Inhabitant is a site-specific performance that was conceived for urban spaces undergoing demographic and economic change. The work was initially developed in Johannesburg (2011), and then rearticulated for Istanbul (2011), a second site in Johannesburg (2012), and San Francisco (2014). Through each articulation, the work continued to involve an intensive site-specific research process culminating in street actions and a political gathering where the issues of the individual neighbourhoods were addressed – always countered or partnered with the dancers’ movement and the possibilities of light in the area.
In San Francisco, the Mission District was the site for the project’s research and where Inhabitant was performed. The Latino neighbourhood was undergoing a significant class shift with the influx of workers from the tech industry buying up property. This created an increase in tensions between long-standing residents and new gentrifiers as the neighbourhood became economically inaccessible to the locals.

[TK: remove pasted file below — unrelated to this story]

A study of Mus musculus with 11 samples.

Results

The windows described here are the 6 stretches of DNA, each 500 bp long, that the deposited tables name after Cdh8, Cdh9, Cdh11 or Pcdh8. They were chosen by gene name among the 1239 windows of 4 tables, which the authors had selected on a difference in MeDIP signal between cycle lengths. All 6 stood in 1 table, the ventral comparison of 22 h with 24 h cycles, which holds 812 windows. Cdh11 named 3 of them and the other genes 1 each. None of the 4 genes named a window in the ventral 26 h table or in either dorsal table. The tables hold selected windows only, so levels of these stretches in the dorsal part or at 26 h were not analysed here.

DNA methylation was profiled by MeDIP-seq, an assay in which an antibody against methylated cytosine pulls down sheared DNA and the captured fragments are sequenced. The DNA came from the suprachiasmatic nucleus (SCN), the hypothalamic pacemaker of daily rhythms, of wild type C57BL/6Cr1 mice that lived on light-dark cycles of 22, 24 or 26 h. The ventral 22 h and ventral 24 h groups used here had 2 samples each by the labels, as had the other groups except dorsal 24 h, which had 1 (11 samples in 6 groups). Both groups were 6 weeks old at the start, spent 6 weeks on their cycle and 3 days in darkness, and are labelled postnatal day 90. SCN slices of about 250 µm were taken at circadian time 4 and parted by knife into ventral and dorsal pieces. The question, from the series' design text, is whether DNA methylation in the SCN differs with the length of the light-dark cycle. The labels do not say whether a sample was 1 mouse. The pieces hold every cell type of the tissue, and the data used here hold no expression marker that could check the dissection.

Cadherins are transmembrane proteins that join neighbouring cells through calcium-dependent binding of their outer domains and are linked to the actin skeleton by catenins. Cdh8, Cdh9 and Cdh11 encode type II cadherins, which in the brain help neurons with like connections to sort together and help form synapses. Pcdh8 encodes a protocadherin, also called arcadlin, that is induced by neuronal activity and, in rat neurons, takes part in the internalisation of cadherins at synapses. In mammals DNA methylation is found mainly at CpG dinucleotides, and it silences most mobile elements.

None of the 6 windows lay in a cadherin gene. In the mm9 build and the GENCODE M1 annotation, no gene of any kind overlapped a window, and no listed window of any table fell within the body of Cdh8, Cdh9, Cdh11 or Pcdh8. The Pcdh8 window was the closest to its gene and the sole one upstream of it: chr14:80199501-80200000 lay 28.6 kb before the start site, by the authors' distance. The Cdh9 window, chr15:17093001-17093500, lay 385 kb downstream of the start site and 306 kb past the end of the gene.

The work is carefully orchestrated to create points for the spectacle – the speeches and the arrivals or departures of the dignitaries: the base facade – to intersect with the ordinary. The performers intentionally blend in and out of the crowd and passers-by become complicit as spectators, drawing attention to everyday encounters: the movement of people through the site, during a subtly shifting lightscape, beginning at dusk and continuing through nightfall. The audience will most often remember the spectacle, forgetting the ordinary, waiting for something to begin, making small talk that fills the time, and watching others to see where to look. The work speaks to the performance of bureaucracy as a superficial gesture to democratic and inclusive processes within city planning and management.
Created by choreographer Sello Pesa, Vaughn Sadie, and the Ntsoana Contemporary Dance Theatre, Inhabitant features long-time company members Humphrey Maleka and Brian Mtembu.
Inhabitant was co-presented by the San Francisco Museum of Modern Art (SFMOMA), Yerba Buena Center for the Arts, and Galería de la Raza as part of Public Intimacy: Art and Other Ordinary Acts in South Africa and Live Projects 4.